Humans & Machines in Medical Contexts: Case Studies from Japan

31.03.2017, Workshop, DIJ Tokyo

Please find the programme here (PDF).

Please find the outline, abstracts and CVs of participants of the workshop here (PDF).

DIJ Tokyo


Medical instruments and technologies can be used to manipulate the human body, ranging from general devices with extremely low risk to such ones highly invasive to patients. Many technologies and electronic appliance nowadays in use; however, took their roots in the second half of the 19th century and increasingly merged into clinics and hospitals during the following century. At present, there can be observed a thrust of technological progress at high pace in the field of biomedical engineering and medical informatics, which contribute additionally to new configurations in in the human-device interplay in Japan.
By the same token, new forms of knowledge production increasingly rely on the mechanical instruments and devices, which are applied for prevention, diagnostics, therapeutics, rehabilitation, curation of disorders and disease, or even bodily enhancement. Owing much to such developments, various routines in medical practices have been changing including surgical operations, management of patient data, and the organisation of national health systems. It is not only practitioners that face new dimensions of uncertainties but also lawmakers that have difficulties institutionalising appropriate rules, procedures and legal standards in order to reduce the risk of (fatal) medical errors.


Whereas human-machines interaction has been allegedly studied in various disciplines in Japan – albeit within predominantly engineering, life sciences and natural sciences – the contributions by humanities and social sciences seem to converge upon the fields of History of Medicine, Bioethics and Medical Anthropology. However, there obviously are limitations regarding the contributions by other disciplines of humanities and social sciences as well as occasions for academic exchange with engineering and natural sciences. We hence argue that currently there is still need for transdisciplinary research approaches to the field of study of Human & Machines in Medical Contexts within Japan.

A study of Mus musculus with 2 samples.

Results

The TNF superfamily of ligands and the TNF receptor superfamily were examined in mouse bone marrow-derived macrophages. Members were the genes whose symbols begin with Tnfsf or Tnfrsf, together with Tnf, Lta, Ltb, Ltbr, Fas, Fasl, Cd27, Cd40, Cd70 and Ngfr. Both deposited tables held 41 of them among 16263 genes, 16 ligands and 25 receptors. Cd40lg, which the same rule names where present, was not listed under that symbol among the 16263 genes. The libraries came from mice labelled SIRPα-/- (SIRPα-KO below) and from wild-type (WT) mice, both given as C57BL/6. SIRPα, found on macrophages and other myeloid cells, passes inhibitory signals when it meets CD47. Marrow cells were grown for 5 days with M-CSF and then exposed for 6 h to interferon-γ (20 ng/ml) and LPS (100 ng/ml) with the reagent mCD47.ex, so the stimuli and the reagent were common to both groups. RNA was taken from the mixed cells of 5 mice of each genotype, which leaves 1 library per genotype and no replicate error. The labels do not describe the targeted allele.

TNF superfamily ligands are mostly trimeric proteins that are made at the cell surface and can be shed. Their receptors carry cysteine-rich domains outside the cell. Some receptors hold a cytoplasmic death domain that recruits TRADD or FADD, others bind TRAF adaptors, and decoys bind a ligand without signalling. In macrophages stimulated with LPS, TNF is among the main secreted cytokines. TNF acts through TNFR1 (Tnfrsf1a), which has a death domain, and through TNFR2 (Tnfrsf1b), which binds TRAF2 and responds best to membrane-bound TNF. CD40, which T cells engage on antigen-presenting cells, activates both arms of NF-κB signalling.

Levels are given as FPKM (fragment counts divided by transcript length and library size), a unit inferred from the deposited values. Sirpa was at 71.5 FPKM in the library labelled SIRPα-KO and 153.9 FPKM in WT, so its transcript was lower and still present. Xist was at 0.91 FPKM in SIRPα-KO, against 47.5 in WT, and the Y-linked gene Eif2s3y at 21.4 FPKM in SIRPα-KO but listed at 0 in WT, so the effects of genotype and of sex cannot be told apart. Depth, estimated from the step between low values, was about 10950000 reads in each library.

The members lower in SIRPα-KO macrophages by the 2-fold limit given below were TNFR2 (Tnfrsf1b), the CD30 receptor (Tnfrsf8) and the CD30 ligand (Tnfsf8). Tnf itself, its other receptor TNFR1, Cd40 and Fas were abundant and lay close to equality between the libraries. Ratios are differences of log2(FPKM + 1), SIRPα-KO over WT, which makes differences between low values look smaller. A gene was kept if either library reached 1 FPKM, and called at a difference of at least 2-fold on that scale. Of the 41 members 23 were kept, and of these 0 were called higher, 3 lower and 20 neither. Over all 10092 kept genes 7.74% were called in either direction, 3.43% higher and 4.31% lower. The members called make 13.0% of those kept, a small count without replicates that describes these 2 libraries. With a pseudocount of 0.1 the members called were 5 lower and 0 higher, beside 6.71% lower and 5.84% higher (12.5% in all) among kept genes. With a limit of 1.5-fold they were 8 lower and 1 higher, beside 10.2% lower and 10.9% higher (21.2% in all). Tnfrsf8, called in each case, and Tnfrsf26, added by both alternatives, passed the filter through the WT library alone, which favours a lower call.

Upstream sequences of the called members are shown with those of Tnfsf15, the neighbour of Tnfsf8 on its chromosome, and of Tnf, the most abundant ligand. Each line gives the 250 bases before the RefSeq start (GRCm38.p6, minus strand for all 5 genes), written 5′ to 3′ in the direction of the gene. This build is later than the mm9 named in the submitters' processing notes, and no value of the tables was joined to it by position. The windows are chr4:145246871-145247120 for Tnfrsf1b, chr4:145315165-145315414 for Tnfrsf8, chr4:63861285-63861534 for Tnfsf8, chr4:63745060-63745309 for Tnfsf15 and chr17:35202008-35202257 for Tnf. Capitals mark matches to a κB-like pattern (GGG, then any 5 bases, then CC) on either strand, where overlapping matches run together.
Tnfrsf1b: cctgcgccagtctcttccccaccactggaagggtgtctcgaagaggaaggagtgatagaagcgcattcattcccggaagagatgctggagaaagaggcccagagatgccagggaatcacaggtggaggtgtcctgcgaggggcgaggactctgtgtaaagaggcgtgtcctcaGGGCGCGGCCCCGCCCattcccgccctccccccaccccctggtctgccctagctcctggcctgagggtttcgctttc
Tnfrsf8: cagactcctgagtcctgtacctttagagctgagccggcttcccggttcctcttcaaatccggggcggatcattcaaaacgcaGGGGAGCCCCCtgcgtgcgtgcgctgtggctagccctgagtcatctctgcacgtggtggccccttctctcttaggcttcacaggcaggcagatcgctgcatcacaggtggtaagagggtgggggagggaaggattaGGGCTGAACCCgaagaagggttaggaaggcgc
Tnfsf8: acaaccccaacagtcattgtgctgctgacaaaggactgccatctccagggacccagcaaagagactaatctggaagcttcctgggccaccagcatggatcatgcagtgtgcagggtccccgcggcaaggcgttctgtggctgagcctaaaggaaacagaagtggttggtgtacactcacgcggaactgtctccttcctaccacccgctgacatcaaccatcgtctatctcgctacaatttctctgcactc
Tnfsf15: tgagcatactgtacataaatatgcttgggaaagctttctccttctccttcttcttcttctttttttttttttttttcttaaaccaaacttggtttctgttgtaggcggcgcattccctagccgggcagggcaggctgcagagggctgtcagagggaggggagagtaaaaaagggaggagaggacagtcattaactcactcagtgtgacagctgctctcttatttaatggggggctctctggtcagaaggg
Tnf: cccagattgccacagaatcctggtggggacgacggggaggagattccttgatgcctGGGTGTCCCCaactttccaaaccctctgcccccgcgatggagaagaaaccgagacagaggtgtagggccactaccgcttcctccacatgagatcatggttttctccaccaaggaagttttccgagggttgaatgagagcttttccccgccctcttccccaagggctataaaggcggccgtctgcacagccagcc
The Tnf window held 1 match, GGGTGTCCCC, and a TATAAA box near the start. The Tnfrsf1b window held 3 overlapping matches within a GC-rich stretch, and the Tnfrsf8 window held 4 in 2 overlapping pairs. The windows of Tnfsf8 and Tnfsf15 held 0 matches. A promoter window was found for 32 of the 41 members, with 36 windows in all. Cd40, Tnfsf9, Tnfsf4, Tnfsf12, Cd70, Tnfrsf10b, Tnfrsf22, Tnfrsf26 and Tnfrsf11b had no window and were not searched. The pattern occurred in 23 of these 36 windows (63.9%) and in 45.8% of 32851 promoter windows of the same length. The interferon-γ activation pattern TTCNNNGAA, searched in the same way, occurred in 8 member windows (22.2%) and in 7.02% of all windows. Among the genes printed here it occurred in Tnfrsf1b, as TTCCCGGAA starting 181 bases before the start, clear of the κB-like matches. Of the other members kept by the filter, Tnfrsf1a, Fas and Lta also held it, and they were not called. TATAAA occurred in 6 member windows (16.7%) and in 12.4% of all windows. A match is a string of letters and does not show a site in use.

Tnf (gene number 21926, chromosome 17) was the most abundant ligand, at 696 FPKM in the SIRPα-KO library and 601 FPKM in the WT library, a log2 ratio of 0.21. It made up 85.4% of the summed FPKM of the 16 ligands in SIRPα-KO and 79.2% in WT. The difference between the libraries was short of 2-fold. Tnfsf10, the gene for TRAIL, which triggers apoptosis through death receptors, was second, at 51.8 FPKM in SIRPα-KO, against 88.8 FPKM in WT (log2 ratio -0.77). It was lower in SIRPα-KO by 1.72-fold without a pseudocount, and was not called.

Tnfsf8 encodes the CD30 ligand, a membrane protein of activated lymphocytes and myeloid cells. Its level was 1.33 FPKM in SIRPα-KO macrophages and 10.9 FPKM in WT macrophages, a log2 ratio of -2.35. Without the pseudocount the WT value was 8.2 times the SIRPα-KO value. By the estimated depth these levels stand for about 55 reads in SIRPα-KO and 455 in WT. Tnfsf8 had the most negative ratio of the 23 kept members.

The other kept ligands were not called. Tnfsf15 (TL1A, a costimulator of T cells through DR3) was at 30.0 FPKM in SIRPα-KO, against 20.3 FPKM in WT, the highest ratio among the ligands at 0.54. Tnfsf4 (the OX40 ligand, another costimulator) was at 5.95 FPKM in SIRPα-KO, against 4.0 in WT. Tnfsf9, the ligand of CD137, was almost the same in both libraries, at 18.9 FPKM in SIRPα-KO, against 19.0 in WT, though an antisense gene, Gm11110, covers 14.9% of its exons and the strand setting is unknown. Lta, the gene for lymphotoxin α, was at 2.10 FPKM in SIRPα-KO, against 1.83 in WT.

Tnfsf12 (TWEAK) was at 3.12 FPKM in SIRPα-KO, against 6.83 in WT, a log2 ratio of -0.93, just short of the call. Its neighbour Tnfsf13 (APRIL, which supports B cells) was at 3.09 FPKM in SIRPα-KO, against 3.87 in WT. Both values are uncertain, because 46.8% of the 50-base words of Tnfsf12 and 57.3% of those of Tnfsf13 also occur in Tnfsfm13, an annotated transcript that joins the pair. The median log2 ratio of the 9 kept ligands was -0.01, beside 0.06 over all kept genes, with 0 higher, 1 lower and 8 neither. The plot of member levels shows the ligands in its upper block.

In order to explore the issues arising from the clinical practices vis-à-vis applications of the (then new) medical devices”, the workshop casts light on their various aspects. The participants will address features regarding the historical, legal, socio-structural, engineering and bioethical conditions and consequences of the interplay between humans and medical technologies or instruments, respectively health care practices in contemporary Japan. Moreover, the participants will reflect on the different theoretical and methodological approaches that enables us to study human-technology interplay and discuss transdisciplinary approaches by using case studies from their own respective disciplines to illustrate the manifold facets of the field. We hence suggest this as a starting point to encourage scholarly exchange and joint research on this field.